Whenever I’m walking my dog on the boardwalk, I get stopped by people who want to talk to me about him. Often there is a story about how they had a dog and then it comes out they had to give it up in a breakup.

Case in point is the very public breakup of actors Robert Pattinson and Kristen Stewart. There’s something going on in this breakup that speaks specifically to an issue that countless Americans go through each year that oftentimes results in anger, bitterness and a desire to hurt each other. If you think I’m talking about infidelity, you’re wrong. I’m talking about a pet. More specifically, who gets the pet after a divorce or breakup.

In the case of this embittered celebrity couple, it appears they are battling over who gets custody of Bear, the dog Pattinson rescued from a New Orleans shelter and the couple cared for and raised together. Sound trivial? It’s not.

Pet custody cases are on the rise in the United States and for good reason. Pets have always been considered property by the courts in much the same way as a television or car. But more judges are beginning to acknowledge the emotional component at play surrounding pets and their owners. While the law still sees pets as property, we are now seeing pet custody awarded based on what is in the best interest of the pet.

I had a case a few months back here in Commissioner Cowan’s court and we were arguing over custody of the family dogs. My client wanted to move to Mexico after his divorce proceedings and requested that he take ownership of one of the two dogs he and his soon-to-be ex shared. The dogs stayed together here in Los Angeles. As a lawyer I argued for my client, but as a pet owner I understood why it was good for the animals to stay together.

For many couples, particularly childless couples, pets become like children. They are an integral part of the family structure and because of this I’ve seen couples fight just as hard for custody as they do when children are involved. And how can we avoid this battle when and if the time comes? Pet prenups.

I am a huge proponent of prenuptial agreements for two reasons. The first is that in the eyes of the law marriage is a business contract. Would you enter into a business contract without being protected should something go wrong? Of course not. And the second is that statistics show that couples who create prenups actually have a better chance of having a successful marriage. This is mainly due to the fact that the parties are entering their marriage as a team with maturity and foresight.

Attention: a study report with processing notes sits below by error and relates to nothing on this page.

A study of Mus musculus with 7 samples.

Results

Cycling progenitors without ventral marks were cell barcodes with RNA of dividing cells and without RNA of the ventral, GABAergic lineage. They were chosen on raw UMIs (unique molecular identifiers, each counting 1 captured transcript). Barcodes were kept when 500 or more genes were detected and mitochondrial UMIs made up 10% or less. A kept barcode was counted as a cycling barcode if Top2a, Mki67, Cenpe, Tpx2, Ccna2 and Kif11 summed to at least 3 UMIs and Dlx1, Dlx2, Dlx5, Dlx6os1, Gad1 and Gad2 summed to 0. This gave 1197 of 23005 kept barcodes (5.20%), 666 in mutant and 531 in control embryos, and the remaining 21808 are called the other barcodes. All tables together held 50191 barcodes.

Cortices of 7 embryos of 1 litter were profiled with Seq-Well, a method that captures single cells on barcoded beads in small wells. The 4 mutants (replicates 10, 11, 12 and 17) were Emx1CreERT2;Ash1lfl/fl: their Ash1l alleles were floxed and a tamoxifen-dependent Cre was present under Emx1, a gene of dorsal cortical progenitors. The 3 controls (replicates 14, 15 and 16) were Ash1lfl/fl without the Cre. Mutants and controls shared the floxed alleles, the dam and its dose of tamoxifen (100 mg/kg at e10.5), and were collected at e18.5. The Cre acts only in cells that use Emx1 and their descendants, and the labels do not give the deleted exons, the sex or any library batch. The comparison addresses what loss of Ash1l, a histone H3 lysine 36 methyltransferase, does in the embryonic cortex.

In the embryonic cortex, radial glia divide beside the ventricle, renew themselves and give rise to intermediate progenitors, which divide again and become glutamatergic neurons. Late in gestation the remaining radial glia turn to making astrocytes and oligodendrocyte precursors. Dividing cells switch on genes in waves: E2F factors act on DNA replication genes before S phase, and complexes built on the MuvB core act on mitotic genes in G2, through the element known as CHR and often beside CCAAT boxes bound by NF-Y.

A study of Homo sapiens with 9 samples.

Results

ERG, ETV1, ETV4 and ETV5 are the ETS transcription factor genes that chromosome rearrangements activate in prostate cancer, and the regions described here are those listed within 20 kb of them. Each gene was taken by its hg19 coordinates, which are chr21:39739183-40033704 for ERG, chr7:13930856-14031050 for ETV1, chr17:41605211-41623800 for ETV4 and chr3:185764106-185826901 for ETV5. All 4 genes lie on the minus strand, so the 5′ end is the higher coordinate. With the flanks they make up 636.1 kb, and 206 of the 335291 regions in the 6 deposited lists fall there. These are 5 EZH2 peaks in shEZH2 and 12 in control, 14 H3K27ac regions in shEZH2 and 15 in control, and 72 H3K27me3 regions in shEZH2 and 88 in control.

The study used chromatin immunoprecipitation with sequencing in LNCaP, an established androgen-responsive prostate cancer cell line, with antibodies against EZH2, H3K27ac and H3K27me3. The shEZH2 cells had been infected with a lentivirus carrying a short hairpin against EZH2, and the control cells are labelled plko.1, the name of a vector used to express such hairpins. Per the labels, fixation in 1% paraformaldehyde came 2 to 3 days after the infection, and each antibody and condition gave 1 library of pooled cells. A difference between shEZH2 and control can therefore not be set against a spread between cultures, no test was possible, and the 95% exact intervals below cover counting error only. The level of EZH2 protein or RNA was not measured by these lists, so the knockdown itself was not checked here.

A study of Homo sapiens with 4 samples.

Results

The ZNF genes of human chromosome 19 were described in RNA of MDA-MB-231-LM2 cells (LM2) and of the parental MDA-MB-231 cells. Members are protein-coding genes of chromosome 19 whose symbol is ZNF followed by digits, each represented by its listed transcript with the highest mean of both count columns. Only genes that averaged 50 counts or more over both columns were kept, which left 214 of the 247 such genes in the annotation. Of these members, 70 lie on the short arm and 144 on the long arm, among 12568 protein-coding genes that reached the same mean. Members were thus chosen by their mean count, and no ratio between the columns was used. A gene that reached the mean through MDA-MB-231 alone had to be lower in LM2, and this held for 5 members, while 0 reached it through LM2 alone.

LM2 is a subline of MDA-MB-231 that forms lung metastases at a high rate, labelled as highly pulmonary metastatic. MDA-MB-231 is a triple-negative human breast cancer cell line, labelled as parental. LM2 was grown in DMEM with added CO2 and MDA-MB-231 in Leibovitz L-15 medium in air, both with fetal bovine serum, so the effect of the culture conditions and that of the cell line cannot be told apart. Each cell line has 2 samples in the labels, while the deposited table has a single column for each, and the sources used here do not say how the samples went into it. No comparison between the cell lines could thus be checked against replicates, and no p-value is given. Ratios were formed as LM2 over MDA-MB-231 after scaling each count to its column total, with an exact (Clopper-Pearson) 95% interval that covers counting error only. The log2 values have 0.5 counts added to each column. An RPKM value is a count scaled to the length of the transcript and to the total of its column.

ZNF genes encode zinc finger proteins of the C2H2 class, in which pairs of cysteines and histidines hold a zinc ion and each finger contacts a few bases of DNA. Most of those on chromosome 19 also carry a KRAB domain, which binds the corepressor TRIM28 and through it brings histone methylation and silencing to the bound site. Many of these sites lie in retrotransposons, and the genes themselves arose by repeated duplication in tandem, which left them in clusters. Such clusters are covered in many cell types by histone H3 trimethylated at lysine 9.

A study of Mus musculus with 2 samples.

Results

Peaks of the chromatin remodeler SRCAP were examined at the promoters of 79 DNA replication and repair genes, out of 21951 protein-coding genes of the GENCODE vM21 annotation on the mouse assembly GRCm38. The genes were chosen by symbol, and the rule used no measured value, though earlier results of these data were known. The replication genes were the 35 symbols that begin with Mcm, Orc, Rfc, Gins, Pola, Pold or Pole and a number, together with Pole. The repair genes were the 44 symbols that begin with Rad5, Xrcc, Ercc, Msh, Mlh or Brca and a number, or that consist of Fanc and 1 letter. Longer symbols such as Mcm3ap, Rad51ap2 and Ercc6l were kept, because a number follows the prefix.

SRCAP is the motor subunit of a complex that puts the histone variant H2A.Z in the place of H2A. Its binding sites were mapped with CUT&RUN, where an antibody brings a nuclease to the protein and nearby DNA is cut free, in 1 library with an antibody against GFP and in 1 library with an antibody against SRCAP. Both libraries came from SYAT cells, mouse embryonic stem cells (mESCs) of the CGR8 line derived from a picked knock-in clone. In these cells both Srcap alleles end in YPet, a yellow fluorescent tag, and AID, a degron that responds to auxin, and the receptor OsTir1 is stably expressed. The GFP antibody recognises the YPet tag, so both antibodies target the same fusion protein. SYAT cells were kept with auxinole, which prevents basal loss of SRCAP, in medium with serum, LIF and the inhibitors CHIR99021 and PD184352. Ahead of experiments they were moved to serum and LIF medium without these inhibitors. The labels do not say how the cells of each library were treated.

The main consideration in a prenup for a pet is which party retains ownership following a divorce or breakup. Other elements that can be included are shared costs for big ticket items such as vet visits and boarding as well as how end-of life decisions will be handled. Just having these items agreed upon in advance and put down on paper can alleviate a great deal of stress down the road. And the couples that take the time to do so are showing that they are committed to the notion that every pet owner should be concerned with, which is what can I do to provide the best life for a pet.

I have a bit of a vested interest in this topic because, along with co-author and prominent pet expert Steven May, I wrote the first book on the topic of dogs and divorce. “What About Wally: Co-Parenting A Pet With Your Ex” looks at the topic from both the legal perspective, covering such issues as custody and co-parenting, as well as the impact a breakup has on the family dog.

In the case of Mr. Pattinson and Ms. Stewart, my only hope is that they don’t turn Bear into a bargaining chip or use him as a way of hurting each other. The best case scenario is that they come together over their shared love and seek to create a co-parenting relationship where each will have access to Bear. But short of that, they need to jointly decide which one will be able to provide Bear with the best opportunity to enjoy a long, happy and healthy life.


David Pisarra is a family law attorney focusing on fathers’ rights and men’s issues in the Santa Monica firm of Pisarra & Grist. He can be reached at dpisarra@pisarra.com or (310) 664-9969.